LEWISTON — Viewers ranked Saturday’s Memorial Day parade and ceremonies among the best seen in the Twin Cities in many years.
Crowds of parade-watchers stood shoulder to shoulder and six or eight deep along Main Street as hundreds of young and old marchers passed. The paraders included youngsters in Cub Scout packs and troops of Boy Scouts and Girl Scouts, area high school students in the ROAR of the Androscoggin combined marching band, several cadet groups and veterans’ organizations with members who served in the military back to World War II. There were numerous patriotic floats and vehicles, as well as a couple of wagons drawn by miniature horses.
Contingents from the Knights of Columbus, Civil Air Patrol, ROTC, several veterans organizations and others participated.
Motorcyclists of the American Legion Riders, Patriot Guard, Rolling Thunder, VFW Riders and United Bikers of Maine led the parade.
“I was absolutely humbled to see the size of the crowd lining the streets,” said David Heidrich, staff assistant to U.S. Senator Susan Collins as he prepared to deliver her greetings at the Veterans Memorial Park ceremonies Saturday morning.
With sunny weather favoring the annual observance, many family groups packed the plaza to hear speakers and to view the unveiling of the park’s 19th memorial stone with veterans’ names.
The event’s keynote speaker was Brunswick Naval Air Station’s Command Master Chief Daniel J. Nicholson.
Noting that the final closing of the base is coming next year, he said, “I want to thank you for welcoming our sailors and making them feel at home.”
He said there were once 3,000 servicemen and women on the base, but now the runways are closed, there are no more planes there, and only 100 active duty personnel remain for the few coming months.
Nicholson also voiced appreciation for the BNAS veterans throughout its history and said, “They taught us how to do it and how to do it right.”
Unveiling of a new memorial bench was another important part of the observance at the park.
Dr. Thomas Shields and Bethel Shields, Auburn, took part in dedication of a granite bench honoring their son, Lt. j.g. James B. “Jeb” Shields, who died in 1991 when his Navy plane collided with another plane over the Pacific.
His body was never found.
Bethel Shields, who is president of the Gold Star Mothers of Maine, also read a list of some of the mothers of veterans, and her list included several who died recently in Iraq and Afghanistan. She asked that mothers who have lost sons and daughters in military service contact her if they would like to become members of Gold Star Mothers.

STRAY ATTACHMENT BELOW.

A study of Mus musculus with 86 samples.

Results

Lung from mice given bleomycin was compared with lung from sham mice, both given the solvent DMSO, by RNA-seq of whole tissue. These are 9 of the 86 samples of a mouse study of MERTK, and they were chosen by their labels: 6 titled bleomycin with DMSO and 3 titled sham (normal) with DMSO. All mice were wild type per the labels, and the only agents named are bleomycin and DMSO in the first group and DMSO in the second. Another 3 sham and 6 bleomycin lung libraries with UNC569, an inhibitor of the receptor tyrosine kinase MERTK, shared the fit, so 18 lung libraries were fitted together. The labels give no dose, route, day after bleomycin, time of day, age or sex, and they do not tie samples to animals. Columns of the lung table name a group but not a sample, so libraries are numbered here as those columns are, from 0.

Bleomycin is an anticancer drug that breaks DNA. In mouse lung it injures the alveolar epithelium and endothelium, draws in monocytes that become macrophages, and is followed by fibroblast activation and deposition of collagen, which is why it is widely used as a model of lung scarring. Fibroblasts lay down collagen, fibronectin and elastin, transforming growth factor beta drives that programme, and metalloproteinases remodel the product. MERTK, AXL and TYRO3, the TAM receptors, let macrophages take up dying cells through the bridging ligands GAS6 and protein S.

The newest granite stone listing dozens of new veteran names was unveiled by Paul R. Bernard, chairman of the Lewiston-Auburn Veterans Council; Command Master Chief Nicholson; and Henry Poisson, a World War II veteran whose name is among those on the new stone.
Family members crowded around the monument to see the names of relatives and friends. Among the veterans whose names were added was Raymond D. Gagnon of Lewiston, now a Poland resident, who posed for pictures with his granddaughter Natalie, who wore a stars-and-stripes shirt.
“I was in the Navy from 1965 to 1972,” Gagnon said.
Any area veteran, living or deceased may be listed on the stone.
Lewiston Mayor Larry Gilbert Jr. told the crowd he recalled the days when he worked for an airline on which coffins of servicemen and women killed in Vietnam were returned to the United States. Gilbert had served earlier in Vietnam and he said he was about to become a river boat driver, which was very hazardous duty. Instead, he was assigned to a headquarters job, and he told the Lewiston audience, “I often wondered, pulling out those coffins (from the arriving airliners) if one of them might have been one who took my place. If that’s the case, for his service, and for all who served our country, I thank them.”
As a wreath was placed at Veterans Memorial Park, a rifle squad from American Legion Post 135 of Sabattus, fired a salute and bugler Roger Renaud played taps.
Names of veterans who have died since Memorial Day last year were read by chaplains of veterans’ organizations including American Legion, Veterans of Foreign War, AMVETS, Disabled American War Veterans, Franco-American War Veterans, Marine Corps League, and Order of the Purple Heart.
In addition to Heinrich’s presentation of the letter from Senator Collins, a letter from U.S. Sen. Olympia J. Snowe was read by Diane Jackson and a letter from U.S. Rep. Mike Michaud was read by Matt Dubois.
Maurice Marquis sang the national anthem and “God Bless America.”
World War II veteran Henry Poisson of Turner, left, escorted by Command Master Chief Daniel J. Nicholson of the Brunswick Naval Air Station, places a wreath at the veterans monument in Veterans Park in Lewiston on Saturday.